60 days not enough - Stakeholders say time too short for social intervention in ZOSOs; fear it will fail
Stressing that there is no quick fix for a long-term culture of bad behaviour, civil society stakeholders are adamant that the 60-day time frame set out for the implementation of social intervention programmes within the zones of special operations (ZOSOs) is not enough to bear much fruit.
In fact, representatives from RISE Life Management Services and Eve for Life practically scoffed at not only the impossibility of such a plan, but at the social support and capacity building being proposed under the ZOSOs.
During a Gleaner Editors' Forum at the media house's Kingston office yesterday, Shawn McGregor, programme manager at RISE Life, declared: "No. Sixty days cannot work. In fact, it usually takes us 60 days just to assess problems and design programmes."
Supporting that view, Joy Crawford, co-founder and director of programmes and training at the non-governmental organisation Eve for Life, argued that social intervention programmes in high-crime communities would only work if they are centred around reversing a culture of unruliness.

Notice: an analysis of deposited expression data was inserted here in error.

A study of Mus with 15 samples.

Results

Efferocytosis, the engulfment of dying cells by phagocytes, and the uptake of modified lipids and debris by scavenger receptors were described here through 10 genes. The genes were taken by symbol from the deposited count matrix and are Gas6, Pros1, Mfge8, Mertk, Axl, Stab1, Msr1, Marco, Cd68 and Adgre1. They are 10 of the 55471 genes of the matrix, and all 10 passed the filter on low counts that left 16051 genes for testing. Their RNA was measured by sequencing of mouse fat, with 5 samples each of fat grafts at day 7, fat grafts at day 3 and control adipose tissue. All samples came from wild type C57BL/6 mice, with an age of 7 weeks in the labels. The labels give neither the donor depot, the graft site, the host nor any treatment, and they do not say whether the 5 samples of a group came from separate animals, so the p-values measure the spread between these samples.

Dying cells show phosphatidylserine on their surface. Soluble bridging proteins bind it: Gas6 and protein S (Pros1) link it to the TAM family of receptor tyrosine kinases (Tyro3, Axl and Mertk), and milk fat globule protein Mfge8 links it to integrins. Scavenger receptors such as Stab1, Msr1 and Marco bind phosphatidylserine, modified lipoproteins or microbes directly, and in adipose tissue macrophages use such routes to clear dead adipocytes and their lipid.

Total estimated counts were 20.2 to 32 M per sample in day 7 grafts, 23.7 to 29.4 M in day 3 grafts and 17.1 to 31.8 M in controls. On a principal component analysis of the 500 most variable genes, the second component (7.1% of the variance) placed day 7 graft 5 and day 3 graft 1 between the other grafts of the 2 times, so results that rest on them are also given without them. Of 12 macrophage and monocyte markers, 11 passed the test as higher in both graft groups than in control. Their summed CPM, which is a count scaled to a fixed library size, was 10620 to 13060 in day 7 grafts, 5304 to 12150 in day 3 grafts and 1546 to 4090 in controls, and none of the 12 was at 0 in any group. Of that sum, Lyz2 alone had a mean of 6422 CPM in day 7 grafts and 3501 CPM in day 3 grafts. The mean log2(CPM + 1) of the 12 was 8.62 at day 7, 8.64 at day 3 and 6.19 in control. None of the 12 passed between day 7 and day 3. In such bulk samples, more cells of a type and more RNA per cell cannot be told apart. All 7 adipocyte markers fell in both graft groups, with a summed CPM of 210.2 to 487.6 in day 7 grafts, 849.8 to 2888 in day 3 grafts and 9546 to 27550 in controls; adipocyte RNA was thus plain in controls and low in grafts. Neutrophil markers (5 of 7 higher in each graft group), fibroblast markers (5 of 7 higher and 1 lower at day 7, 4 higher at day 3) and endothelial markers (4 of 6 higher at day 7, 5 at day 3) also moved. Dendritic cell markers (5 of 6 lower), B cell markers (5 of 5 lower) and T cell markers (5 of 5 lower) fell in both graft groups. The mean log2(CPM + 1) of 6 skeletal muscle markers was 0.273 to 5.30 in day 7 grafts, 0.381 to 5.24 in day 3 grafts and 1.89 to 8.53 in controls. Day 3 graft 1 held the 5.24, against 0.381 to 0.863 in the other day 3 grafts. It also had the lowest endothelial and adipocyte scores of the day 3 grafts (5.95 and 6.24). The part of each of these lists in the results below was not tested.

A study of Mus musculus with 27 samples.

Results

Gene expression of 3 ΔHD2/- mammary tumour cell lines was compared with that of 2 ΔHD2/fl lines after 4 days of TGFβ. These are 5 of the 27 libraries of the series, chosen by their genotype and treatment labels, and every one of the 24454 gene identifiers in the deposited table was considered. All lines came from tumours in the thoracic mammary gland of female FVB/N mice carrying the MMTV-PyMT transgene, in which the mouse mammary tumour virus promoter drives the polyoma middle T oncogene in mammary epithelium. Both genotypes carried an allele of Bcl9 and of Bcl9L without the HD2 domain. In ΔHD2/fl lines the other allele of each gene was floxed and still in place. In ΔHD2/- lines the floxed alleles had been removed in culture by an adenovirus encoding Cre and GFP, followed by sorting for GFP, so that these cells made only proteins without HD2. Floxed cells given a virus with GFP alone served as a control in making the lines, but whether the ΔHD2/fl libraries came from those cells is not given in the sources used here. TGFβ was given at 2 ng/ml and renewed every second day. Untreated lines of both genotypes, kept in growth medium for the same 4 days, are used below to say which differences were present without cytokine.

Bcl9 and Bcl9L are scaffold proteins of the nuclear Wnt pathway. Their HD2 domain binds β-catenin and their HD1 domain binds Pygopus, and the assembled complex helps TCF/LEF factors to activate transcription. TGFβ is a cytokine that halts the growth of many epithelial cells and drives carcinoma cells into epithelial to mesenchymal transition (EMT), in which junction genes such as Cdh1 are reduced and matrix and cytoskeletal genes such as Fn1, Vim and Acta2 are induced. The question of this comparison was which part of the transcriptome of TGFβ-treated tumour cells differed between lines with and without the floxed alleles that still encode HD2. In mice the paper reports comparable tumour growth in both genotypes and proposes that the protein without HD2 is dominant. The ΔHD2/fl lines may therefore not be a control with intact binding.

"Behaviour change is what is needed if we want to address crime. It is not just about taking in guns. It is to understand why I am even carrying a gun, and after giving you the one I now have, how I then change my thought process so I don't go and find another gun. We need to find out the theories, best practices, and what the models are that other communities have used for behaviour change because the gun does not carry itself. It has a human behind it," she stated.
On September 1, the Government declared its first ZOSO in Mount Salem, Montego Bay, St James, as part of the strategy to arrest the high crime wave sweeping across Jamaica. One element of the initiative is to undertake a comprehensive social intervention programme in each ZOSO, with the hope of reforming that community for the better and not having it revert to criminal activities once the security forces pull out.
Crawford emphasised that the Government's usual excuse of not being able to source funds to support programmes in a long-term, sustainable way was unacceptable.
"We can appreciate the limitations that Governments have, for various reasons, and that is why you must have deliberate engagement of civil society and not one that happens by osmosis or by accident, and then provide the resources to remain. You have to mobilise the communities, and you cannot do that through one or two town hall meetings. Find out who the gatekeepers are. It takes a door-to-door relationship," she pointed out.
"That kind of thing is required to build and transform. But for crime and violence to be addressed, we need to take a behaviour-change approach and not just a security approach. I keep hearing that we don't understand crime in Jamaica, but it is more than just poverty and those kinds of things."
RISE Life's executive director Sonita Abrahams backed up Crawford's point, adding, "When they (the Government) wants to do something, whatever it is, they find the resources. So the resources can be found."